As part of President Joe Biden’s wide-ranging executive order to bolster U.S. biomanufacturing, the HHS has laid out detailed actions that include regulatory support for advanced manufacturing technologies and hefty investments in drug production infrastructure.
A collaboration between the Department of Defense and the HHS will invest $1 billion in domestic biomanufacturing infrastructure over five years, the federal health department said Wednesday.
“This support will provide incentives that will enable private- and public-sector partners to expand manufacturing capacity for products important for defense supply chains, such as critical chemicals,” the HHS said.
In a separate investment focused on medicines, the HHS said it will pour $40 million into expanding biomanufacturing for active pharmaceutical ingredients, antibiotics and key starting materials for essential medications needed for current or future pandemic responses.
For its part, the DoD will shell out an additional $200 million to enhance biosecurity and cybersecurity measures for those facilities supported under the $1 billion fund.
The investments are part of the agencies’ plan to implement Biden’s new National Biotechnology and Biomanufacturing Initiative, which besides medicines, also touches on agriculture, energy and other industries. The presidential order gives HHS and other federal agencies 180 days to provide policy recommendations to expand domestic biomanufacturing capacity for medicines and in other sectors.
The HHS has invested directly in drug and vaccine manufacturing in response to recent health crises. During the early days of the pandemic, Operation Warp Speed, in which HHS played a key role, offered financial support to the development and manufacturing of COVID vaccines. More recently, to combat the ongoing monkeypox outbreak, the HHS announced $11 million in funding to support domestic manufacturing of Bavarian Nordic’s Jynneos vaccine at contractor Grand River Aseptic Manufacturing.
Meanwhile, the new executive order is widely viewed as part of a strategy to reduce the U.S. reliance on China for pharmaceuticals and manufacturing of other biotech products.
Biden’s order does include a big focus on biosecurity amid increased geopolitical tension with China and after the COVID-19 pandemic served as a poignant reminder of the vulnerabilities in global drug supply chains.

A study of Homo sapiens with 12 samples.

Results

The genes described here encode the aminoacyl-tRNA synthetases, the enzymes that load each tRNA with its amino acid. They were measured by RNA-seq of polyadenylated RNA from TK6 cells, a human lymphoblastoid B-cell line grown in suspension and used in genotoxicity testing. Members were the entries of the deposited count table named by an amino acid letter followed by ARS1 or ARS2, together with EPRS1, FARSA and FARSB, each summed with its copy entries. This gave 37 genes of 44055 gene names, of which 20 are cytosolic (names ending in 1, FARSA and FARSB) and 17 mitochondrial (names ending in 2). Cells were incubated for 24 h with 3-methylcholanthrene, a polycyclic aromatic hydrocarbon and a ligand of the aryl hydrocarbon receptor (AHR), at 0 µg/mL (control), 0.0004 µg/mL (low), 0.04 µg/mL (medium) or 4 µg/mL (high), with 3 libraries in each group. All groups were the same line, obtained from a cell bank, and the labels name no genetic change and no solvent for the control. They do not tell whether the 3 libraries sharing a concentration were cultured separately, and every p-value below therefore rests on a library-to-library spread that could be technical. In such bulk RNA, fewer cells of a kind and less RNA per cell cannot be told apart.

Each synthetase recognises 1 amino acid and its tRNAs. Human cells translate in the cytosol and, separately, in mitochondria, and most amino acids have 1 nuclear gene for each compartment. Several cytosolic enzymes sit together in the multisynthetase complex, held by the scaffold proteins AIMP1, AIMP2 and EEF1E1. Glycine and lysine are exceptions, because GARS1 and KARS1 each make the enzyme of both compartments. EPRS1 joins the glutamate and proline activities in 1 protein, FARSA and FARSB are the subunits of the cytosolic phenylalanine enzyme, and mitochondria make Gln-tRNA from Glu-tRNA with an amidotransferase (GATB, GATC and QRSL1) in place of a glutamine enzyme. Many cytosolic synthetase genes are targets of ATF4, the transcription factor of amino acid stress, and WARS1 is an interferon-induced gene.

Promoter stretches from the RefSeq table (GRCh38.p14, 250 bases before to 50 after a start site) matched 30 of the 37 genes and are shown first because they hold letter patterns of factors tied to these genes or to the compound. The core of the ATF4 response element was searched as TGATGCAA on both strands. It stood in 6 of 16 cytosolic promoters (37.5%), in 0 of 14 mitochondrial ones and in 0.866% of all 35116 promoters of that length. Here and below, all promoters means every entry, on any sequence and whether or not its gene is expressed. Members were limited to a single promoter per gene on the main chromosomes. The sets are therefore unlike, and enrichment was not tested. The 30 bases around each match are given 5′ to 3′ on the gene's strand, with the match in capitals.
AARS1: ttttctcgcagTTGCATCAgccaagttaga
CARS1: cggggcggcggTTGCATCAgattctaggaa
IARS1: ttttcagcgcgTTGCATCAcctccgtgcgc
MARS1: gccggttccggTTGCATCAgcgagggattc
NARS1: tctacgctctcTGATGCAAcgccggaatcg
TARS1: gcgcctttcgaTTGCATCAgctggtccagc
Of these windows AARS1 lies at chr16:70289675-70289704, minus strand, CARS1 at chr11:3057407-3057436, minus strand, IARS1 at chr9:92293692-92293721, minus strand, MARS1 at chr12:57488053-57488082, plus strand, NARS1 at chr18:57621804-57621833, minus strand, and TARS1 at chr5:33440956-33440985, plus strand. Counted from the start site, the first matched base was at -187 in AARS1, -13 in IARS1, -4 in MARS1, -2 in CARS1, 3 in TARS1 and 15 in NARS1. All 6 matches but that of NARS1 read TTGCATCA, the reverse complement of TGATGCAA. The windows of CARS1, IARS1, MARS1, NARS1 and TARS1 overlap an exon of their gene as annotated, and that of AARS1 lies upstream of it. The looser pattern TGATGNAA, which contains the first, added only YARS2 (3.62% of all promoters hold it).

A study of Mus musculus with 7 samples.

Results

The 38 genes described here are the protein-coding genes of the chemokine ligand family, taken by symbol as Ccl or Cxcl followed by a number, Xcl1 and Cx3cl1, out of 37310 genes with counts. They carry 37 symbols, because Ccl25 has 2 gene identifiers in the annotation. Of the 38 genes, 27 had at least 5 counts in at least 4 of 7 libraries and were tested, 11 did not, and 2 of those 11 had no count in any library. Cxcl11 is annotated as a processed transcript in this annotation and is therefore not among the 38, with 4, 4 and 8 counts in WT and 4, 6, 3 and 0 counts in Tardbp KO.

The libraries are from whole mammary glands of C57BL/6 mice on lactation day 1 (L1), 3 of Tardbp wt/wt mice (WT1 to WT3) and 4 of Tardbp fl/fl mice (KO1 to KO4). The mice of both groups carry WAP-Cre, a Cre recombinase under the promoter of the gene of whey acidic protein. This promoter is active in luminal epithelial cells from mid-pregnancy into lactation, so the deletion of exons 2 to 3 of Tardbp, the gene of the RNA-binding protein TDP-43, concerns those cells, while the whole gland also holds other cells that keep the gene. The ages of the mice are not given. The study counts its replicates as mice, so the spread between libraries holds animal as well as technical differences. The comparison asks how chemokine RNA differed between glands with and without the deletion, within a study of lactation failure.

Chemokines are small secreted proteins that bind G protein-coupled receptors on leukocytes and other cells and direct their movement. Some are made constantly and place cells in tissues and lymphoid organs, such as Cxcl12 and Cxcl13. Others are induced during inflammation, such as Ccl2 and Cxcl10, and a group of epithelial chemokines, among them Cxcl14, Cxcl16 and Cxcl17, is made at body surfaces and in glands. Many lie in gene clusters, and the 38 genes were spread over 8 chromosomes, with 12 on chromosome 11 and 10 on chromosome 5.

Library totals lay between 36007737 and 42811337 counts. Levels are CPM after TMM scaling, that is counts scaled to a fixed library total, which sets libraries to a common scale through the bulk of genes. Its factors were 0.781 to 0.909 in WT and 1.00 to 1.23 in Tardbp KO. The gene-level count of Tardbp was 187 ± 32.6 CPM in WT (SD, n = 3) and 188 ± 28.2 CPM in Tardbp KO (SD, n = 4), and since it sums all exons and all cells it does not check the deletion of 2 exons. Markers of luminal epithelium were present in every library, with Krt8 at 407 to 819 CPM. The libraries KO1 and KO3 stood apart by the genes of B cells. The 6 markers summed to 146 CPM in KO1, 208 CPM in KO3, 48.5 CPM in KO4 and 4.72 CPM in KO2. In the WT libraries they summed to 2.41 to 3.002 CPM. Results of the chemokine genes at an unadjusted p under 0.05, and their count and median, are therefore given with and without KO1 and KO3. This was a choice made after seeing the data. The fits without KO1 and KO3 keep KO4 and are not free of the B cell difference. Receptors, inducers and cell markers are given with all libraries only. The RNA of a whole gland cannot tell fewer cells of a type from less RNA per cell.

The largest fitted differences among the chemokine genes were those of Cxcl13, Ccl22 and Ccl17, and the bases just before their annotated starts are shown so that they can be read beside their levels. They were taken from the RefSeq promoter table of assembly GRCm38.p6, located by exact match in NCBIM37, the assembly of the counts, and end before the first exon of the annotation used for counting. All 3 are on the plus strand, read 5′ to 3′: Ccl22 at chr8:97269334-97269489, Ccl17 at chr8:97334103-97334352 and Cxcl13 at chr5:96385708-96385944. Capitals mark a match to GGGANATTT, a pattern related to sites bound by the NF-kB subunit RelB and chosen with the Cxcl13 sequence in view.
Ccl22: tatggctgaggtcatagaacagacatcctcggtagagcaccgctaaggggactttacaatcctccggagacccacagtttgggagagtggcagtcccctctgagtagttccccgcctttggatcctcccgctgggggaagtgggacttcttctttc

For HHS, the agency said it will launch a biosafety and biosecurity innovation initiative in collaboration with the National Institutes of Health to “reduce risk associated with advances in biotechnology, biomanufacturing and the bioeconomy,” although the exact work of the initiative remains unclear. It will also prioritize investments in those areas.
Besides infrastructure, the executive order also calls for regulatory support for biotech R&D. In several measures that involve the FDA, the HHS said it will support development of FDA research programs for advanced manufacturing technologies. The agency raised the examples of novel analytics for bioprocessing and continuous manufacturing of biologicals.
The FDA currently has a research initiative to help better understand the science of advanced manufacturing. The program has backed 60 research projects, and the FDA has used the knowledge gained to provide industry guidance, according to an FDA post as of October 2021.
Last June, the FDA formally established the Center for Advancement of Manufacturing Pharmaceuticals and Biopharmaceuticals to improve collaboration between its two drug evaluation departments, one focused on traditional small-molecule and antibody drugs, and the other on live biotherapeutics and cell and gene therapies.
Under the HHS plan, the FDA will also provide opportunities for additional pre-submission interactions for drug, biologics and device manufacturers that look to adopt advanced manufacturing technologies.
The HHS will continue to support innovations in platform technologies, and cell and gene therapies are apparently among the agency’s priorities.
In its announcement Wednesday, the HHS highlighted the NIH’s Platform Vector Gene Therapy pilot project, which has been evaluating adeno-associated viral vectors as gene delivery systems since 2019. It also pointed to the CAR-T project at the Frederick National Laboratory.